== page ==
Bollore Moves Forward With Electric Car from Pininfarina
By Brendan Moore
Bollore Group is committed to moving forward with their plans to have Pininfarina build an EV for them, despite the recent death of Pininfarina’s CEO, according to a report from Reuters.
Pininfarina’s chairman and chief executive, Andrea Pininfarina, was in charge of the car project which was absolutely crucial to the contract manufacturer and design firm until his death on Aug. 7 in a traffic accident. Mr. Pininfarina died in Turin, Italy after his Vespa scooter was struck by a car driven by a 78 year-old motorist. Mr. Pininfarina was on his way to work at Pininfarina Design in the morning.
Vincent Bollore, chief executive of Bollore, stated at a news conference yesterday that “everything is going ahead as planned”.
Vincent Bollore has already personally invested in Pininfarina shares and the two companies formed a joint venture to build the electric car earlier this year. Paolo Piininfarina, Andrea’s brother, is the new CEO of Pininfarina.
The terms of the JV will require Pininfarina and Groupe Bolloré to spend €150 million ($215 million USD) to fund the venture, which will be funded on an equal percentage basis.
Pininfarina will handle the design, assembly and sales, while Groupe Bolloré will develop and supply the batteries, the companies said. The batteries will use lithium-metal-polymer (LMP) technology, have a maximum speed of 81 mph and should have a maximum range of about 150 miles per charge. Bollore’s group is already developing an electric car with French power company EDF – the BlueCar.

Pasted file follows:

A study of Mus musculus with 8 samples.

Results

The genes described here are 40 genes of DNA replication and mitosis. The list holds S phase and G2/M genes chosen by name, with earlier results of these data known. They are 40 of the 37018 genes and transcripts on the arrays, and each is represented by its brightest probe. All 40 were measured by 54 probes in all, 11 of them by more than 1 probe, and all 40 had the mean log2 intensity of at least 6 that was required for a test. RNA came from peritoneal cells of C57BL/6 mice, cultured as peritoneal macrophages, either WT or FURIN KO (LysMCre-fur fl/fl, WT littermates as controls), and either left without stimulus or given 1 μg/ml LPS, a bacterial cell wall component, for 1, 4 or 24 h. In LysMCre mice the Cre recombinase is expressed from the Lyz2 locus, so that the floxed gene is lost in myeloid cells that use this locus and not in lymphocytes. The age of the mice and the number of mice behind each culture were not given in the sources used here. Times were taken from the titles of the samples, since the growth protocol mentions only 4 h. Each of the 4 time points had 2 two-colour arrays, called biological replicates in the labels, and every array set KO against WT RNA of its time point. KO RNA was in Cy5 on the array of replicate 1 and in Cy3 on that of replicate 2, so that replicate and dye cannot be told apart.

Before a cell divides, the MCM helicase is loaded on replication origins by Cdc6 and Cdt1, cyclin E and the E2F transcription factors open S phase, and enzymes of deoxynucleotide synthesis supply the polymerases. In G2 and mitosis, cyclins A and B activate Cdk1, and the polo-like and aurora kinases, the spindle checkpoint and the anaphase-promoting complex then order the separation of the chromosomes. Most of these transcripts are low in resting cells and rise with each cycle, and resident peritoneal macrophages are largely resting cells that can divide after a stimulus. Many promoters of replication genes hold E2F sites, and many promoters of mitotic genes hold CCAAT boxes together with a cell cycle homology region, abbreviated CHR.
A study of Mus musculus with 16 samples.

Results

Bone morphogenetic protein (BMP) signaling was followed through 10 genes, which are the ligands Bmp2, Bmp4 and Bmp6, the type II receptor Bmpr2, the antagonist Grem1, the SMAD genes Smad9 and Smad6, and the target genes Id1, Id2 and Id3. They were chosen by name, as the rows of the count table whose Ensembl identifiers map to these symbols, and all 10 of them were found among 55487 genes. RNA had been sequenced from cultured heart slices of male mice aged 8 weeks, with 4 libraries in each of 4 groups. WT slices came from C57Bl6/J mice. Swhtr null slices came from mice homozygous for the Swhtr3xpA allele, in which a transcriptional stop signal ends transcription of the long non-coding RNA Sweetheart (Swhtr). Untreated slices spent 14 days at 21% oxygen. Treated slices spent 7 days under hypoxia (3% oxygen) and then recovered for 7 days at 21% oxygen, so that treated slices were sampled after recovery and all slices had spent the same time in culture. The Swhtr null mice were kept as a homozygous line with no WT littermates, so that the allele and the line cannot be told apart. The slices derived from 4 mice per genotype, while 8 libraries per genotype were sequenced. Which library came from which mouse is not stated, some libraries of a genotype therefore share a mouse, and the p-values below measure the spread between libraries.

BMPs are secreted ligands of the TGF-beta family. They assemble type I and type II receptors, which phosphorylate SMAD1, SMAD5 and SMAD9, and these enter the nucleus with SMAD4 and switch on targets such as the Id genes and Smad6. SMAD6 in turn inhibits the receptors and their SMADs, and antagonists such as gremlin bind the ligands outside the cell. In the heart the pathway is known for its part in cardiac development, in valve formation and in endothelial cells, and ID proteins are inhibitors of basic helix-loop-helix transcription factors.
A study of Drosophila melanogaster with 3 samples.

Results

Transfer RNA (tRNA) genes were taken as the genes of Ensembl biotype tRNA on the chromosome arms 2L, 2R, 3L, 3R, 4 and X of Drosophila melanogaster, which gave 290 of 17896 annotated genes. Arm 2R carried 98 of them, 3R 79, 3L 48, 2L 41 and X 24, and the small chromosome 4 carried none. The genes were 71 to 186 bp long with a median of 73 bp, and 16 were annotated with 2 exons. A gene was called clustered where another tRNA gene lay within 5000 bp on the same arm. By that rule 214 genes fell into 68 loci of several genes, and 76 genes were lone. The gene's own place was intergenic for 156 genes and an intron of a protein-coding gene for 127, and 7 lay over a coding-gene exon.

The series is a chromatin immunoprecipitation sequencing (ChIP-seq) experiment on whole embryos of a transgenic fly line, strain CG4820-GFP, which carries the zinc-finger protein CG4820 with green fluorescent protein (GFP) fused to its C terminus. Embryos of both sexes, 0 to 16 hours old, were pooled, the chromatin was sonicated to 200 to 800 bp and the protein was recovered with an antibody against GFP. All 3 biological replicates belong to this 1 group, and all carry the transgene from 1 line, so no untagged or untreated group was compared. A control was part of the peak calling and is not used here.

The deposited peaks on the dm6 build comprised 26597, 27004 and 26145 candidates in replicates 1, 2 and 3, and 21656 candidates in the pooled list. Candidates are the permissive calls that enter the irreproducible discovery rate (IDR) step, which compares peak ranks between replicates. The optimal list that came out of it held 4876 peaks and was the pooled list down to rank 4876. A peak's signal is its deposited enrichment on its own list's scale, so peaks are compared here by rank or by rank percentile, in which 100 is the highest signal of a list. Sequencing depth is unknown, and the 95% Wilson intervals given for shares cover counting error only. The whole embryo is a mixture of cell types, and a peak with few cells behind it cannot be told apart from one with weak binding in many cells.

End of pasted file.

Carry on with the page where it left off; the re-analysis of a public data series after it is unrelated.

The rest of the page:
The four-seater will be sold under the Pininfarina brand, a new move for the Italian company, which is best known for doing contract work designing and making cars for others such as Ford, Volvo, Peugeot and Fiat’s Alfa Romeo. Pininfarina has not however, been in good financial health in recent years, so the joint venture has been seen as a stroke of very good luck for the company.
A Pininfarina spokesman previously stated the company would likely present a prototype late next year. The car is scheduled to be offered for sale in 2010. Which channels it would sell the vehicle through are unknown but the planned markets would include Europe, Japan, and the United States.
It is the first known time that Pininfarina will do development work on an electric car, whose market attractiveness is growing exponentially in the auto industry as a result of recent legislation in the EU and the U.S. to reduce carbon dioxide emissions to help curb global warming. Even so, the project will be closely watched, as many attempts to develop mass-market electric cars have stumbled on the lack of reliable batteries.
Pininfarina has more or less bet the company’s future on the Bollore tie-up, scheduled to start production of an electric car in 2010. The company has had no real production to speak of for quite some time, is awash in red ink and looks to the electric car as its salvation.
Pininfarina intends to establish a 7% operating margin on the strength of sales of the electric car, which it intends to sell under the Pininfarina brand in the U.S., Europe and Japan.
Production is forecasted at 15,000 units a year for the first three years. The company stated that it will open its order book for the new car in the summer of 2009.